Australian grandmothers are uniting together with one simple message to the federal government: release all refugee children from detention centres.
Grandmothers Against the Detention of Refugee Children (GADRC) is a growing movement of Australian grandmothers protesting against the government’s treatment of asylum seekers.
Dressed in purple outfits, scarves and sashes, the women are a prominent sight at rallies and public demonstrations.
The group formed in June 2014, when more than 70 grandmothers attended a meeting at St Andrew’s Uniting Church in Fairfield.
Many Uniting Church members are involved in the Grandmothers, including Margaret Oulton and Judith Hampton from Hampton Uniting Church. Ms Oulton became involved with the Grandmothers through Hampton’s justice and international mission group. Led by minster Rev Tim Angus, the group meets once every six weeks to discuss social justice issues.
A topic that concerned many congregation members was the indefinite detention of refugee children. Ms Oulton was a pre-school teacher for many years and believes detention centres are no place for children.
“A lot of people in our church are teachers. I think the issue of children in detention is closer to home for us,” Margaret said.
“We don’t see why these children should be restricted by the government from taking part in the same sort of opportunities our own children have.”
According to the most recent government statistics, 68 children are currently held in Nauru detention centre and 91 children in Australian detention centres.
“Our main goal is to get children out of detention, because some of them have been in there for more than two years. This is just an enormous amount of time. They’re the innocent party,” Margaret said.
While an increasing number of people are active in asylum seeker advocacy, sections of the Australian community remain opposed to refugees.
“To people who say ‘we don’t want these people in our country’, I think ‘well, it’s not really your country, it’s the original Australians’ country’,” Ms Oulton said.
“After all, we’re all migrants. The original owners of the land are the Aborigines.”
The Grandmothers movement continues to grow, with a new group launched in Sydney last year. Membership is not restricted to grandmothers. There are hundreds of participants affectionately called ‘FROGS’ – Friends of Grandmothers.
During December, more than 200 grandmothers and FROGS attended a Christmas Walk in the Melbourne CBD.
“They came from all over Victoria and were, as usual, dressed in purple. Most wore purple hats as it was a very hot day,” Ms Oulton said.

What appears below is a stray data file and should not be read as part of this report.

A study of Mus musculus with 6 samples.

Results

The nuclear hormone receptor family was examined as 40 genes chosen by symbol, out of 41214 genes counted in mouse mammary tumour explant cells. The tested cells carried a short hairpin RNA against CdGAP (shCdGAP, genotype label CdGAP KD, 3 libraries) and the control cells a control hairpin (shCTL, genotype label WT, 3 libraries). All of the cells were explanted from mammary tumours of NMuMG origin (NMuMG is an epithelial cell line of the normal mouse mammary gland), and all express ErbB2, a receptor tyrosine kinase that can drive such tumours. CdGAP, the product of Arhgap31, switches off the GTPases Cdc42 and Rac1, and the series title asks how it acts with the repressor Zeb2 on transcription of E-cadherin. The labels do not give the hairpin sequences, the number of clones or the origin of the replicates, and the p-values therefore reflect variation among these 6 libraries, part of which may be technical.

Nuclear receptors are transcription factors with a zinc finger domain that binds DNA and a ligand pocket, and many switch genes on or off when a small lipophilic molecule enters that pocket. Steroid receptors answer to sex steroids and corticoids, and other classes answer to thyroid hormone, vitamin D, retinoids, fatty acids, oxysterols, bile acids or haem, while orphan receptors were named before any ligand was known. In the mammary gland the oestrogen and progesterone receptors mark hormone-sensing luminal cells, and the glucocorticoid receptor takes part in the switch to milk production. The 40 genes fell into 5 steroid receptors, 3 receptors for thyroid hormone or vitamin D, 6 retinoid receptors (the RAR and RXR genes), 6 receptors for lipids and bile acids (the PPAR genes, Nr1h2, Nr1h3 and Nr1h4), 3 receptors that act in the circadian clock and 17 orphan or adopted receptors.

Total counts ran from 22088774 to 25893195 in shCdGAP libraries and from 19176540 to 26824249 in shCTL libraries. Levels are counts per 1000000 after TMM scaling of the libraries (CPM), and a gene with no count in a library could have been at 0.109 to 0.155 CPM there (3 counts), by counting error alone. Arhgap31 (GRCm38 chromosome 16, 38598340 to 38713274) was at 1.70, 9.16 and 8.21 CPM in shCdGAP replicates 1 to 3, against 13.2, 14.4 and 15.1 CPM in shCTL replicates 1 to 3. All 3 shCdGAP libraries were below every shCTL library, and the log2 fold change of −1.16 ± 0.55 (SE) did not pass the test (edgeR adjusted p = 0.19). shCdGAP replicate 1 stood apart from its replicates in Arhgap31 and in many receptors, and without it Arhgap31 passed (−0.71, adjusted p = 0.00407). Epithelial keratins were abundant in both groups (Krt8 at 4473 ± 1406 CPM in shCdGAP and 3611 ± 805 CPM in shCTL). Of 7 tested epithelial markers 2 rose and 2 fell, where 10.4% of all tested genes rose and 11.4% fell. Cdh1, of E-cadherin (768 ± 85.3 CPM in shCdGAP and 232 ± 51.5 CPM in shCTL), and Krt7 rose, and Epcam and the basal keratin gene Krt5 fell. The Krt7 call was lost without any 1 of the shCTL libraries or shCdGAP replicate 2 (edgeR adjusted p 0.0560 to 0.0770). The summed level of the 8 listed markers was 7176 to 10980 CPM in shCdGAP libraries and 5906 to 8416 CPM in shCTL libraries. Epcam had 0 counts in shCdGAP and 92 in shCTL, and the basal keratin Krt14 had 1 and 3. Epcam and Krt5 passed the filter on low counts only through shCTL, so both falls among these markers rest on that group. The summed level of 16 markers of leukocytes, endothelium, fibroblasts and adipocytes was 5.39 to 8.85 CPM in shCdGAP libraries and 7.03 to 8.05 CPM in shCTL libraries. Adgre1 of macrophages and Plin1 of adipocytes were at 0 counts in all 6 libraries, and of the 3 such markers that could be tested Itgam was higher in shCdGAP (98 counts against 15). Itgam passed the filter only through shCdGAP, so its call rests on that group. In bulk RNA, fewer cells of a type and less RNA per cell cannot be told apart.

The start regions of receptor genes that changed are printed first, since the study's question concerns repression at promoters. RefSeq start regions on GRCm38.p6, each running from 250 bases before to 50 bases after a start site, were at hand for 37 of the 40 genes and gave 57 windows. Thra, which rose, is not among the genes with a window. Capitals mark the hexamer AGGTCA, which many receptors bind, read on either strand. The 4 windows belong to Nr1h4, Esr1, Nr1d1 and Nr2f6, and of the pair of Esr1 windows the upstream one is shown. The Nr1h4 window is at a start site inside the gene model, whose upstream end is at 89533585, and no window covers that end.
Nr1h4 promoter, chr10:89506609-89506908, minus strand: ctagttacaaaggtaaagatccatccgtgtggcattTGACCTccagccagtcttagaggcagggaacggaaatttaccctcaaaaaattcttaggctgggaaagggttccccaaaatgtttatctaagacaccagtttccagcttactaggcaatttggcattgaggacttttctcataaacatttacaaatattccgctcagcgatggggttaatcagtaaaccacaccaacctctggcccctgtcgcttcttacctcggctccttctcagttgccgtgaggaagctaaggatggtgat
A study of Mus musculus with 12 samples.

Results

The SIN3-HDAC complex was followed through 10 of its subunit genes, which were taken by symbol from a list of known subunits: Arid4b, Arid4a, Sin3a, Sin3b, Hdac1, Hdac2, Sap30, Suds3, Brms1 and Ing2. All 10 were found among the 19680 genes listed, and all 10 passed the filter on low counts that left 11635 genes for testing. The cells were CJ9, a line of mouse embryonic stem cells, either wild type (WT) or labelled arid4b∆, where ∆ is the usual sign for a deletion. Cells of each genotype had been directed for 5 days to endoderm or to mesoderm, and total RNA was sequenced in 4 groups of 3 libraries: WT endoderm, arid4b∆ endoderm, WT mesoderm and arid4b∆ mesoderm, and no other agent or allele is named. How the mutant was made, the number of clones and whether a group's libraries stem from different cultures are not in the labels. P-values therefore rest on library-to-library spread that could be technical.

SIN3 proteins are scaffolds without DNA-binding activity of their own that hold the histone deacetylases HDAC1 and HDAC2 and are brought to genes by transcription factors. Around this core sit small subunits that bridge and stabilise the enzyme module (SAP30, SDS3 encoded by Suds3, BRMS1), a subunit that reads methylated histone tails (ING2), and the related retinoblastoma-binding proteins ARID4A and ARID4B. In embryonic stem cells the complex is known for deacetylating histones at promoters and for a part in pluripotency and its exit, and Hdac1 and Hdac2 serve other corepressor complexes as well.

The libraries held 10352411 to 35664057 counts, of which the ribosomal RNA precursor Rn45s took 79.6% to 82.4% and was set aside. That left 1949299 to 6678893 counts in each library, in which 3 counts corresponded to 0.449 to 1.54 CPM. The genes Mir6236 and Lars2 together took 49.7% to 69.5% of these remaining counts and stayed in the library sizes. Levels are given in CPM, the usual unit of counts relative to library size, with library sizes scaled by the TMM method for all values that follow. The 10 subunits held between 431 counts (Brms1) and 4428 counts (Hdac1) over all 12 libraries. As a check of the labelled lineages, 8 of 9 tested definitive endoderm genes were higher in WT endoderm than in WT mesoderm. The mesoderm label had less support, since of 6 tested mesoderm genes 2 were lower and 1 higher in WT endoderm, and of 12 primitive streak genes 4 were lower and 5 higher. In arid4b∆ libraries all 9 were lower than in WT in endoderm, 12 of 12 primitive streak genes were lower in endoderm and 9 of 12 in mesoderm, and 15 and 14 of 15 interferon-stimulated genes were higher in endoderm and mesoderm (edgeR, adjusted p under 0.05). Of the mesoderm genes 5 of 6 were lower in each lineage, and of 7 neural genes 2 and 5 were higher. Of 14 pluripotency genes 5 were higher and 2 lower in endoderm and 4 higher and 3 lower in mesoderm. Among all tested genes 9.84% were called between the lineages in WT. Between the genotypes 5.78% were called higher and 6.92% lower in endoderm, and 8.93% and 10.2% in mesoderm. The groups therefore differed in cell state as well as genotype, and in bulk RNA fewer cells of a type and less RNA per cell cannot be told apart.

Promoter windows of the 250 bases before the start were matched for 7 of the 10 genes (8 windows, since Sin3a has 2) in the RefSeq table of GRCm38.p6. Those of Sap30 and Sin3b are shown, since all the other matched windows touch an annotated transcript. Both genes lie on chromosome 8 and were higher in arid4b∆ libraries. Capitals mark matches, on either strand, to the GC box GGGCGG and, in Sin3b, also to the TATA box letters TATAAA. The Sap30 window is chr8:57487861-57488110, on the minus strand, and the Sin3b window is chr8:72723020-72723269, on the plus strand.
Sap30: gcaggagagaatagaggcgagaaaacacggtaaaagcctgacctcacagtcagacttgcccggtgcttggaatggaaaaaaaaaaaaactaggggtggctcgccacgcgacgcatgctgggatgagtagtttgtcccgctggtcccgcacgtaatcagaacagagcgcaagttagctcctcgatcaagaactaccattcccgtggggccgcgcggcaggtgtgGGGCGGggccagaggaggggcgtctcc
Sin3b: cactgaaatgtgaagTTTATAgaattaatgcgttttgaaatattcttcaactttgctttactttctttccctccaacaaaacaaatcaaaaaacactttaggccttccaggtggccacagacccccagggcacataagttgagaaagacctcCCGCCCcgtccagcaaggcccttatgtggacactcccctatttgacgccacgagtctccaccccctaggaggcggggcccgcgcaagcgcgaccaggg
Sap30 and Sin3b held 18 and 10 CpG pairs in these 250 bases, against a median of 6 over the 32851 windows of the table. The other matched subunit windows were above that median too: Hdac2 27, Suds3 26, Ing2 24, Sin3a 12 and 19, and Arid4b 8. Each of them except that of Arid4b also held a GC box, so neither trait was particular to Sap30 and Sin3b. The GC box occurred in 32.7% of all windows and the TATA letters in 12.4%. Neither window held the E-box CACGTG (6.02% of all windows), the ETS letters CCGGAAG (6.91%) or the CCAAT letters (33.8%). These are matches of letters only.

“Some of the grandmothers were joined by a small, but vocal, group of grandfathers, a number of whom were wearing new purple shirts.”
In addition to state-wide events like the Christmas Walk, local groups participate in public actions in their community. The Grandmothers groups are formed based on state electoral boundaries so that the grandmothers can keep in touch with their local politicians.
Ms Oulton is part of the Goldstein group, which covers the Beaumaris, Bentleigh, Brighton, Cheltenham and Sandringham areas. They have so far carried out demonstrations at Sandringham and Middle Brighton railway stations as well as the Middle Brighton Baths.
Their most recent public action took place outside Bentleigh railway station on 9 December. The women gathered at 7:30am to hand out leaflets to commuters on their way to work. They also held signs protesting against the detention of children and families.
The Goldstein Grandmothers recently wrote an impassioned letter to Prime Minister Malcolm Turnbull, urging him to release all children from immigration detention.
“Prime Minister you, like us, are a grandparent. How can we rest while we know that children, just like our own grandchildren, are imprisoned under our watch?” the letter read.
“We note that you have stated that no child should be in detention. We hope you will match your words with deeds.”
The next state-wide action will be a bus trip to Canberra. If you are interested in joining a local Grandmothers group, contact firstname.lastname@example.org
I would like to know more about the Goldstein Grandmothers . Iwould possibly be interested in joining them
You can get in touch with the Grandmothers by contacting email@example.com and letting them know that you are interested in joining the Goldstein branch.